Mike the deaf cat from the childrens story Why Cats AreIn the book Why Cats Are, from the Love Unleashed illustrated children’s picture book series, Mike the cat is deaf. We see from the story that Mike has adapted well to his physical challenge and enjoys his life like other cats do. 

Let’s learn a bit about deafness in cats:

Deafness in cats can have several origins:  congenital (born deaf) or acquired (infection, trauma, degeneration, aging, toxins (including certain medications).  Deafness at birth can be inherited—a certain gene in cats causes white fur, blue eyes, and deafness (the chance of deafness is as high as 80% in a white cat with blue eyes); however, not all blue-eyed white cats are deaf.  Diagnosing cat deafness in young kittens who are still part of their birth litter may be difficult until they age a bit and are separated.

Initial cat deafness may be caused by blockages of the external ear (inflammation, infection, damage to the small bones in the ear, or excessive earwax).  If the blockage can be removed, hearing is usually restored.  Acquired deafness may result from loss of nerve cells (usually permanent loss) caused by trauma or infection of the inner ear, loud noises, toxic drugs (certain antibiotics or aspirin), tumors, anesthesia, and old age.

Dogs and cats have excellent hearing.  In cats, their normal hearing peaks at the frequency of mice chatter—no wonder my cat finds all the newborn mice and brings them home as “presents”!  The upper hearing ranges of humans, dogs, and cats are (in that order):  20,000 Hz2, 45,000 Hz2, and 85,000 Hz2 .  Cats, obviously, can hear higher frequencies MUCH better than humans; these high-frequency sounds are also the first to be lost when a cat develops deafness. By the time a human becomes aware the cat isn’t hearing so well, the cat has already lost significant hearing in the high frequency spectrum.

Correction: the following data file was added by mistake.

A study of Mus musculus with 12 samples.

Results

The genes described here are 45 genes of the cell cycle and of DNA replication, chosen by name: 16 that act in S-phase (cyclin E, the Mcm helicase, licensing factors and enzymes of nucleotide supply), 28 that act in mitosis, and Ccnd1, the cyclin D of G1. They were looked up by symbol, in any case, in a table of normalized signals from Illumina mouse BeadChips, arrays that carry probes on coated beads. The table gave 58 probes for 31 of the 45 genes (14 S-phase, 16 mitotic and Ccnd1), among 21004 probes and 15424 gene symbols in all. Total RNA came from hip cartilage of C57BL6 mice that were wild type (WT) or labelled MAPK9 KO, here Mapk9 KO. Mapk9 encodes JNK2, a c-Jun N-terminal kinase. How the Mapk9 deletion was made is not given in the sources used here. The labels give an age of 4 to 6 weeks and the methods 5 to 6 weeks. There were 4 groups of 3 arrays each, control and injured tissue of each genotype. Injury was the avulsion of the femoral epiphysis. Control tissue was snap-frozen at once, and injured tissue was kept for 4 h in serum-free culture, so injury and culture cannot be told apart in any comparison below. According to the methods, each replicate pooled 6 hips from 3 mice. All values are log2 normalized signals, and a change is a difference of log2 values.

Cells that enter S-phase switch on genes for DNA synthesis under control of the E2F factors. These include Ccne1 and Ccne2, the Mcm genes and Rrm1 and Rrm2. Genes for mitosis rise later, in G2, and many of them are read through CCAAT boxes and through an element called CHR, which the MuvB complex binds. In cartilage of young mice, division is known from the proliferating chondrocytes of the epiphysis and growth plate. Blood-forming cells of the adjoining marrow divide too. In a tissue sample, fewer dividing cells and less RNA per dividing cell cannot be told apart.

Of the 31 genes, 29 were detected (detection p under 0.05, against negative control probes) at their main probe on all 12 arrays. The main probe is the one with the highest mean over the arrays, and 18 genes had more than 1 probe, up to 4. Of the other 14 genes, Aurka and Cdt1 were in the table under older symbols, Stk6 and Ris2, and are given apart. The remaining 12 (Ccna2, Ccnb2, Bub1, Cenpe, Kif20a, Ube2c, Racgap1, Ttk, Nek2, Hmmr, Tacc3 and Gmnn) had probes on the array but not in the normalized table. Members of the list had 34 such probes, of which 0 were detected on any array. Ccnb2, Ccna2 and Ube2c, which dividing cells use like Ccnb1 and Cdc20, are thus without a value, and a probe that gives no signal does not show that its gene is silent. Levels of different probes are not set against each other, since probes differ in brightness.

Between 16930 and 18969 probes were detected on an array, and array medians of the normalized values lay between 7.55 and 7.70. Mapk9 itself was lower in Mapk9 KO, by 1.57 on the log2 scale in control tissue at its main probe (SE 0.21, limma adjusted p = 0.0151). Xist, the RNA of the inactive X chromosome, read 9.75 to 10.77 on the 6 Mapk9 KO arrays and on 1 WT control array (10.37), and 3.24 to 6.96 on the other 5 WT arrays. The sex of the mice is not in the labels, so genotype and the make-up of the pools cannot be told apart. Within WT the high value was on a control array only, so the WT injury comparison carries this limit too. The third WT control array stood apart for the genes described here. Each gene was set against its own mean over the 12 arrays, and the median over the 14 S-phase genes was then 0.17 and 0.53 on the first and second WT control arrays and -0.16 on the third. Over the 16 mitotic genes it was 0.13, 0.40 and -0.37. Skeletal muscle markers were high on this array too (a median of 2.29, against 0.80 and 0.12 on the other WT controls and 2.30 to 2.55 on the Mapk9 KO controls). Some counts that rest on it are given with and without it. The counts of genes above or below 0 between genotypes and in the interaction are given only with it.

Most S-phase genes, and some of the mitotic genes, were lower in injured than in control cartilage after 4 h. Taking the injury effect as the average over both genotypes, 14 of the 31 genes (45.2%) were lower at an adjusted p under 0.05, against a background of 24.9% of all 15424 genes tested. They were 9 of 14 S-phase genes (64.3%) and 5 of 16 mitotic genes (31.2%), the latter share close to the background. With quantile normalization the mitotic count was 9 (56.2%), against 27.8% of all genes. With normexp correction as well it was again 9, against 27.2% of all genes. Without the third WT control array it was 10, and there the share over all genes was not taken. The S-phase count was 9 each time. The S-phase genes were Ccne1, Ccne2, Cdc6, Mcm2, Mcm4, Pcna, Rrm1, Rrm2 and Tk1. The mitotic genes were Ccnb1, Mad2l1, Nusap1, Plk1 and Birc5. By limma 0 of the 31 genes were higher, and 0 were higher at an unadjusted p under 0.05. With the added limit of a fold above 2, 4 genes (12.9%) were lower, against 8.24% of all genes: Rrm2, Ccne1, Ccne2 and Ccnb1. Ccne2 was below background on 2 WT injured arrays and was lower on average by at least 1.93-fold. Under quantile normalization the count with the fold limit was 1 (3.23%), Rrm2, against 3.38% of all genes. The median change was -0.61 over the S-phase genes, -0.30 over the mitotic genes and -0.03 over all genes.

Most Telling Symptoms to Watch For:

  • Loud meowing. The cat can’t hear itself so it turns up the volume.  Those vibrations as the sound bounces off objects is a feedback to the cat that it is “here.”  (Be aware that overactive thyroid glands can also cause this behavior.)
  • Night noises, oddly reassuring in a dark home.
  • Unresponsive to its name (or to the can opener!).
  • No longer reacting to past distressing sounds, like fireworks or running the vacuum.
  • Change in habits, like no longer greeting you at the door.
  • Sleeping longer and deeper. (Sleeping might also be observed when a cat is feeling ill.)
  • Needy or clingy.

Deaf cats can feel vulnerable to predators.  In turn, that makes them anxious or nervous, and in turn they may become aggressive.  Their self-defense instinct is heightened.  But deeply bonded cats may become more affectionate in tolerating hearing loss.

And yes, deaf cats still purr.  It’s all about the vibration that is a source of comfort.  Cats will purr even when in pain or frightened. 

If you suspect your cat is losing hearing at any age, see a Vet so that if the problem is correctable, not much time is lost.